It will be 2031, at the earliest, before the navy sees the first of its new frigates; a setback brought about partly by the fact Canada, Britain and Australia are still feeling their way around how to build the ultra-modern warship.

The outgoing president of Irving Shipbuilding Inc., which is in charge of constructing combat ships for the federal government, said he anticipates steel will be cut on the first of the new generation high-end warships by mid-2024.

“We have been trying to take an honest look at where we are and what it will take to build the ship,” said Kevin McCoy who recently announced his retirement from the East Coast shipbuilder.

The current estimate is that it will take up to seven-and-a-half years to build the surface combatant, a timeline being used by Britain’s BAE Systems Inc., which is constructing the first of what’s known as the Type 26 design.

Both Canada and Australia are building their own variants.

“Early on [in the shipbuilding process] estimates are not very good,” said McCoy. “Early estimates are not very good for price; they’re not very good for size; they’re not not very good for duration,” McCoy said. “The British ship has a seven-and-a-half year build cycle. So, we’re locked in. We said our build cycle will be seven-and-a-half years as well.”

If they can find ways to speed up the process, they will, he said.

If that timeline holds, it means the federal government’s marquee shipbuilding strategy will be two decades old by the time it produces the warship it was principally set up to create.

While Irving has been pumping out smaller, less complicated arctic patrol ships and Seaspan, in Vancouver, is building coast guard and science vessels, the strategy conceived by the former Conservative government was driven by the necessity of replacing the navy’s current fleet of Halifax-class frigates.

Originally, when the shipbuilding strategy was unveiled, it envisioned Canada receiving the first new frigate in 2017. A lot of water, wishful thinking and even money has gone under the bridge since then.

Building off existing design

The current Liberal government, since taking over in 2015 and embracing the strategy, has been opaque in its public estimates of the build time; suggesting, in some documents, a delivery time in mid-2020s while other more internal records have pegged the first new frigate in the 2027 timeframe.

The Department of National Defence, in a statement, acknowledged some of the design and build intricacies are now better understood, and because of that; the first warship will be “approximately 2-3 years later than the previous estimate.”

A spokeswoman echoed McCoy’s remarks about finding ways to move construction along.

“We continue to look for efficiencies and are actively working with industry to accelerate the project in order to deliver this important platform to the RCN as soon as possible,” said National Defence spokesperson Jessica Lamirande.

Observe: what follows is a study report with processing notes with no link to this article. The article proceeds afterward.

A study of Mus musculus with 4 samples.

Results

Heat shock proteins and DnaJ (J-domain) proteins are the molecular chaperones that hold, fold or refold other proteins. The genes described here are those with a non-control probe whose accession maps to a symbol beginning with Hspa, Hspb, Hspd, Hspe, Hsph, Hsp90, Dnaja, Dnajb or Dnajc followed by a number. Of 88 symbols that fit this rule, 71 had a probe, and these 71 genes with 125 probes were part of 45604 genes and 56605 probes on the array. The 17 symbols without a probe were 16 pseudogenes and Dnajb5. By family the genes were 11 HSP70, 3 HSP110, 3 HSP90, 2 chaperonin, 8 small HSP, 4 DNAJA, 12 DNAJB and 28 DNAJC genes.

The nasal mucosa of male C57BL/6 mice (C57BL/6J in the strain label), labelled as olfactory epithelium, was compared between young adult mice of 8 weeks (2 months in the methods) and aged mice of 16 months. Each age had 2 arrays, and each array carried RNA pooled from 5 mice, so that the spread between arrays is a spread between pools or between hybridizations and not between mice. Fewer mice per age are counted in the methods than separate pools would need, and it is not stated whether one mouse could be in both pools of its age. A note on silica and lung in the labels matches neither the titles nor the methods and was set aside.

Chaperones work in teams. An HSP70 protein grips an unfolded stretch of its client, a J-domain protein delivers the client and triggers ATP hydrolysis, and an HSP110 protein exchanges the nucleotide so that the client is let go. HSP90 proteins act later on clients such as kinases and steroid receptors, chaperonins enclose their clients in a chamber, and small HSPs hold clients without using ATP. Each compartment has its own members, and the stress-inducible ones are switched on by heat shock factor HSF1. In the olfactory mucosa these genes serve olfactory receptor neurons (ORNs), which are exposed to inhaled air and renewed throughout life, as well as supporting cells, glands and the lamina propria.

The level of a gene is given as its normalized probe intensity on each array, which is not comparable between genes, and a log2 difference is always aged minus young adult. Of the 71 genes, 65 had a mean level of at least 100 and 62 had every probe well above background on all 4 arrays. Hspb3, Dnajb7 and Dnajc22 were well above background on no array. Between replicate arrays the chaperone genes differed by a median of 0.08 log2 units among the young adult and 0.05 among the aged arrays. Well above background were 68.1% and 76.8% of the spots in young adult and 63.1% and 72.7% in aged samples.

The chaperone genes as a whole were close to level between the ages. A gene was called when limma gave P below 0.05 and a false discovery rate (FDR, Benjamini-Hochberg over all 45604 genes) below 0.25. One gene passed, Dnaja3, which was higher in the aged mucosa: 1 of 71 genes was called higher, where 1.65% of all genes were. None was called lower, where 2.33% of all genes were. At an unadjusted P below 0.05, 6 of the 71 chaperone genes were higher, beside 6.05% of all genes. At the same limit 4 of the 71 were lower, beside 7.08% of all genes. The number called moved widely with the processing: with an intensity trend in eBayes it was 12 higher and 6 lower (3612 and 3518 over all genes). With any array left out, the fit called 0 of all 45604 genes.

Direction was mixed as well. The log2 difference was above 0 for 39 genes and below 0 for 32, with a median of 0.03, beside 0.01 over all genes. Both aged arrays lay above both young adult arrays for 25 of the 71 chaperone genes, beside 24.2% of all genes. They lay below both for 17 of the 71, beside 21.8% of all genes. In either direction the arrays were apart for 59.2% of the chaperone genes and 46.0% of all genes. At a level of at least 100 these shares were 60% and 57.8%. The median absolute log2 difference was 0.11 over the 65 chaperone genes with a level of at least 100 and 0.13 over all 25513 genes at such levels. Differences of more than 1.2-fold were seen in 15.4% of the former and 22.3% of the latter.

One of the ways they could do that, she said, would be to construct some, less complex modules of the warship early, the way it has been in the navy’s Joint Support Ship project at Seaspan’s Vancouver Shipyard.

McCoy, a blunt-talking former U.S. Navy admiral, suggested the expectations going to the surface combatant program were ultimately unworkable because the federal government came in expecting to do a so-called “clean sheet” design; meaning a warship built completely from scratch.

It was the shipyard, he said, which ultimately inched the federal government toward building off an existing design because of the enormous risk and expense of purpose-built ships, a position the Liberals adopted in the spring of 2016.

The selection of the British Type 26 design by the Liberal government has spawned criticism, a court challenge and will figure prominently in upcoming reports by the auditor general and the Parliamentary Budget Officer.  

Combat capability packed into ship

The nub of the complaints have been that the frigate is not yet in the water and is still under construction in the United Kingdom.

The defence department acknowledged that adapting the British design to Canadian expectations and desires will take a year longer than originally anticipated and is now not scheduled to be completed until late 2023, early 2024.

Canada, McCoy said, can expect to pay no more $2.5 billion to $3 billion, per ship as they are produced, which is, he claimed, about what other nations would pay for a warship of similar capability.

“This is a big ship, lots of capability” he said, indicating that full displacement for the new frigate will likely be about 9,400 tonnes; almost double the 4,700 tonnes of the current Halifax-class.

McCoy said what is not generally understood amid the public concern over scheduling and cost is the fact that the Canadian version of the Type 26 will be expected to do more than its British and Australian cousins.

Where those navies have different warships, performing different functions, such as air defence or anti-submarine warfare, Canada’s one class of frigates will be expected to perform both because that is what the government has called for in its requirements.

Dave Perry, a defence analyst and vice president of the Canadian Global Affairs Institute, has studied the program and said he was surprised at the amount of combat capability that was being packed into the new warship.

“On the one hand, Canada’s one [class] of ship will have more combat capability than many of the other classes of ship that our friends and allies sail with, but it also adds an additional level of complexity and challenge getting all of that gear, all of that firepower into one single floating hull and platform,” he said.